Christmas Gifts

Merry Christmas!

Last night we celebrated Christmas, and I was reflecting on the whole theory of gift giving. With three young children we have gifts to give them, but as I thought about the best gifts I have received in my life, not one of them came wrapped in paper.

As concerned parents we find ourselves is discussions with other parents on the merits of certain schools and educational philosophies, how much television children should watch and whether computer games with violence should be allowed. There are so many details that can be argued for and against.

When I think of what’s important and what will carry our children forward to live a long and happy life, the details are quite insignificant. I feel it’s the big things that matter when parenting. There’s no way my wife and I will make all the right decisions on the details, but we can ensure we do the big things well.

As I see it there are three gifts we as parents need to give to our children. These gifts are not given once, but are continually given over a lifetime.

The first is unconditional love. Unconditional love is the solid foundation on which a steady life can be built. Unconditional love is love that is shown and demonstrated no matter what happens. Unconditional love is shown in the most trying situations, for example, when a family heirloom is broken, when the car has been written off or when failing grades appear in a report card. Unconditional love is the knowledge that someone is loved for who they are, not what they do or what they have. Unconditional love is something you carry with you everywhere you go as a protective shield against any potential harm. Unconditional love by its very nature is never lost… it is unconditional.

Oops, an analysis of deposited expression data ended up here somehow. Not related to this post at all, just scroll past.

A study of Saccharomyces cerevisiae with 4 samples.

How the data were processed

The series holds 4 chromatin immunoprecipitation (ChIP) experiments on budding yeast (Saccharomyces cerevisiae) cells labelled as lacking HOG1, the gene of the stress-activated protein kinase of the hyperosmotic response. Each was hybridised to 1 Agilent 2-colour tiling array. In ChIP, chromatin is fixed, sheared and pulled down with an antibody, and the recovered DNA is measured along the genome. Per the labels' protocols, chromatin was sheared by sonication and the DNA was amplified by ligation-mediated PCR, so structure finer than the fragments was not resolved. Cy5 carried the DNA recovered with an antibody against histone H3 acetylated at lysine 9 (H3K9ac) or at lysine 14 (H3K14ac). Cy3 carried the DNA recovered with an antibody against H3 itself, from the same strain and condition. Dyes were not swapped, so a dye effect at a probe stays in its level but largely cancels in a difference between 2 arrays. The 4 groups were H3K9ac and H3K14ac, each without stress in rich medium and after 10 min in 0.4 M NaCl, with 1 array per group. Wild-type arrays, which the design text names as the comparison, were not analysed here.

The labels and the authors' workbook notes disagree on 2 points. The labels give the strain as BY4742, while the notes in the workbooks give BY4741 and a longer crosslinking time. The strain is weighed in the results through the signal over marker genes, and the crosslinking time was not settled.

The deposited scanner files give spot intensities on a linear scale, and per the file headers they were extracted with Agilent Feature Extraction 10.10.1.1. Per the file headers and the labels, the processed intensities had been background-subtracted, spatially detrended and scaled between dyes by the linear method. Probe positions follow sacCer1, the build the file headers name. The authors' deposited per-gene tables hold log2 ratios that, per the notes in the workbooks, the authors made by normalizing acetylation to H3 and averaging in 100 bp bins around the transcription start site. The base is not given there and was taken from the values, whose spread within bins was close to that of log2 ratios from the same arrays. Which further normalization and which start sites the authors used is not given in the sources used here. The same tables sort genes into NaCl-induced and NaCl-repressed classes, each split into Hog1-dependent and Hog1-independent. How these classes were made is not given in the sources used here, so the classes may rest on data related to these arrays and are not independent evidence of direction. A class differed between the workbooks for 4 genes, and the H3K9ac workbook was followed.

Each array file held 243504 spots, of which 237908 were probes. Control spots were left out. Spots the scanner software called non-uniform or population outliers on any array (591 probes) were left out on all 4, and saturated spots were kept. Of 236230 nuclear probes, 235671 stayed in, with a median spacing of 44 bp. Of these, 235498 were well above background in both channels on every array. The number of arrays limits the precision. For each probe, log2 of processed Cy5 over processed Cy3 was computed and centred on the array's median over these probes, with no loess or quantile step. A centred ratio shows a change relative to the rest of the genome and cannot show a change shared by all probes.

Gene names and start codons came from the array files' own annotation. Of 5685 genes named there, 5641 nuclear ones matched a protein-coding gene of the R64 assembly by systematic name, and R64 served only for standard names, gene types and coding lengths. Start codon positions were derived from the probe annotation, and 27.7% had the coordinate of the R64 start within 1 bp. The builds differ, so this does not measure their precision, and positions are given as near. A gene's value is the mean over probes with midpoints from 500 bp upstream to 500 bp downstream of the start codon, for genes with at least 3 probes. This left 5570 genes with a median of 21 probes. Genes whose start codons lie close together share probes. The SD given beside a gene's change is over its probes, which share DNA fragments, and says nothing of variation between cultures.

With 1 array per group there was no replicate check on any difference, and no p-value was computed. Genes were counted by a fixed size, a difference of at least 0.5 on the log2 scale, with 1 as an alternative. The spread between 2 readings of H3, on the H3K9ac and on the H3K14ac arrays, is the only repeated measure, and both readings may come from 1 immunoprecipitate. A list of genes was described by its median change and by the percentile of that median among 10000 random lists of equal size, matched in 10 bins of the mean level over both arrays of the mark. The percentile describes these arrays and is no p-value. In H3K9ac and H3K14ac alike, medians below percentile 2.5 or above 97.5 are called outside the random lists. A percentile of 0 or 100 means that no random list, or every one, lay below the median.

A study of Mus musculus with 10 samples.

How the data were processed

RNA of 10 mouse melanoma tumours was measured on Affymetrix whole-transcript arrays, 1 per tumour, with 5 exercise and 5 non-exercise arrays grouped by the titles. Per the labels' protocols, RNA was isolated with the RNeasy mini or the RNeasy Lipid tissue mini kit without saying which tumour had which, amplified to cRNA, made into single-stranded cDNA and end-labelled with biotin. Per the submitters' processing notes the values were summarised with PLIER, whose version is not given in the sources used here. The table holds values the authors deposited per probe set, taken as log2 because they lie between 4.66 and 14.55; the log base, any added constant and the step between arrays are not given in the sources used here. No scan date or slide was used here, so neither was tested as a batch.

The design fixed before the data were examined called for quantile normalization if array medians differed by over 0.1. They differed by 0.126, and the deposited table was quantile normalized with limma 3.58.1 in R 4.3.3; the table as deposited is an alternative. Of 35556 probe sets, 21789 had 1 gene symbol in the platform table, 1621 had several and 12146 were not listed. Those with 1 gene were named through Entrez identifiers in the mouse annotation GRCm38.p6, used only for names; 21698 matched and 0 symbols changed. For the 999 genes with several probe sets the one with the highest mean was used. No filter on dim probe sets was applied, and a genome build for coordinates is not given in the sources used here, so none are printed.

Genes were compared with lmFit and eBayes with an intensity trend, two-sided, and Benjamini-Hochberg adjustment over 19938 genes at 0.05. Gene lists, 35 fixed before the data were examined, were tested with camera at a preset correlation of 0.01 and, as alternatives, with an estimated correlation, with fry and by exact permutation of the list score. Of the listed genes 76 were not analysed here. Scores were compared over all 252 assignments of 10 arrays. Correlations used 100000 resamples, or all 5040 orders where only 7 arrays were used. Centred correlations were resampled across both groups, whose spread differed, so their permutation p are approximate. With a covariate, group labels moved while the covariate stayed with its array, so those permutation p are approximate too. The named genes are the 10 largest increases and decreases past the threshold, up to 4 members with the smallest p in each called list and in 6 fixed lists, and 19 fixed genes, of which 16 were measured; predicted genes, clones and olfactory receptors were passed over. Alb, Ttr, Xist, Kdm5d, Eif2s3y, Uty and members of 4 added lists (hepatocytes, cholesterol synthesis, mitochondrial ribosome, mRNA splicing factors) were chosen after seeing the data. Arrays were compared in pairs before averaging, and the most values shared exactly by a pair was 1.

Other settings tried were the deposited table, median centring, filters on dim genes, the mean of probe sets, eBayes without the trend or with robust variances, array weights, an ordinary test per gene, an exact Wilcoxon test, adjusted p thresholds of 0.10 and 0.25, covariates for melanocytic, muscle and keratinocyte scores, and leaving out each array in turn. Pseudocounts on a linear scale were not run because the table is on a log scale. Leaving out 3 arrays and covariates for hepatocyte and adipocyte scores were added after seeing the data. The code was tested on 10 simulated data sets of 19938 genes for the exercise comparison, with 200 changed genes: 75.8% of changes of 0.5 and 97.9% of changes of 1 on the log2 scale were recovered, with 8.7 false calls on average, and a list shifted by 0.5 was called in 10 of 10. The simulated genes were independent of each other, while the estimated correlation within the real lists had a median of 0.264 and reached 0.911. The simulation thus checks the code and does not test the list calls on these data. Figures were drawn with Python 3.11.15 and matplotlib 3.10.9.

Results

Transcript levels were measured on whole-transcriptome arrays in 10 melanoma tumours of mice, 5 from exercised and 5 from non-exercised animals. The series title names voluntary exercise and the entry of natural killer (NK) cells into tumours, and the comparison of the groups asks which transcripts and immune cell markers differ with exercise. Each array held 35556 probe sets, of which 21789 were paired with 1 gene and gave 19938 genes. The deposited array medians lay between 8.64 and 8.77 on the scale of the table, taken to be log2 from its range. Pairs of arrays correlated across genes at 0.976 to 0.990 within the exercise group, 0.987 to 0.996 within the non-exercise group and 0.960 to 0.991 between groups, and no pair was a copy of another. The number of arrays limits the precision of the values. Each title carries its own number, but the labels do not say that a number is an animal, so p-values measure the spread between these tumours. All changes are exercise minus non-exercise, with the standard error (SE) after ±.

The second is an open mind and the ability to use it think. And I don’t mean this in the simplest form, for example if I said, “Think of a number between one and a hundred” I’m sure anyone could do that. That’s not the thinking I’m referring to. I’m referring to independent thought.  Thinking is coming up with a solution to a problem. Thinking is inventing, creating. Thinking is deciding that you don’t accept everything as it is but questioning why. Asking questions like, “Why are there so many species of trees? Why is the sky blue? Why do people get jealous? Why do people voluntarily put themselves in harm’s way? The ability to think comes from the time and opportunity to do so. The less children are “fed” what to think and the more they are encouraged to create their own thoughts, the better the thinking muscle will be developed and the greater their ability to survive in an ever-changing world.

The third, and by no means any less important than the other two is faith. I don’t mean religious faith, but faith in oneself. It’s the faith in knowing that everything will turn out for the best.  It’s about knowing that you have control over your own destiny – to rely on yourself to get the job done. It’s the faith that whatever you do will result in eventual success. It’s that inner knowing that you will have life full of triumphs. It’s knowing that no matter what happens you can always bounce back stronger and even if you can’t see the way forward it will present itself.

Having the faith in oneself, supported by the unconditional love and coupled with the wherewithal to discover answers through clear thinking, forms a potent and unstoppable force for personal success.

Really, when you think about the trivialities that fill our time, there are but a few fundamentals that make it all happen in life. These are the greatest gifts of all.


2 Responses to Christmas Gifts

  1. Karyn Tetrault says:

    hi matthew!
    our christmas was VERY different this year. more than any other either of us has experienced… and the least engaged in the “machine”.
    did you participate in the commercial aspect at all? you cite core value quintessentials…but did not reveal your celebration. did you induce a radical departure in line with your above writings? did you pave your own way, chisel your individuality into your children’s experience or add your thoughts to the seductive sway of society’s edicts? there is value in conforming and fitting in. there is trail-blazing and genius in separating from the pact.
    what did you and gosia give the kids, experientially, morally and value-wise this year.
    love from mexico to you all. miss you guys.

  2. Karyn Tetrault says:

    forgive my spelling errors. separating from the PACK – not pact. however it might be an interesting unconscious slip as well from a meaning standpoint – ha ha.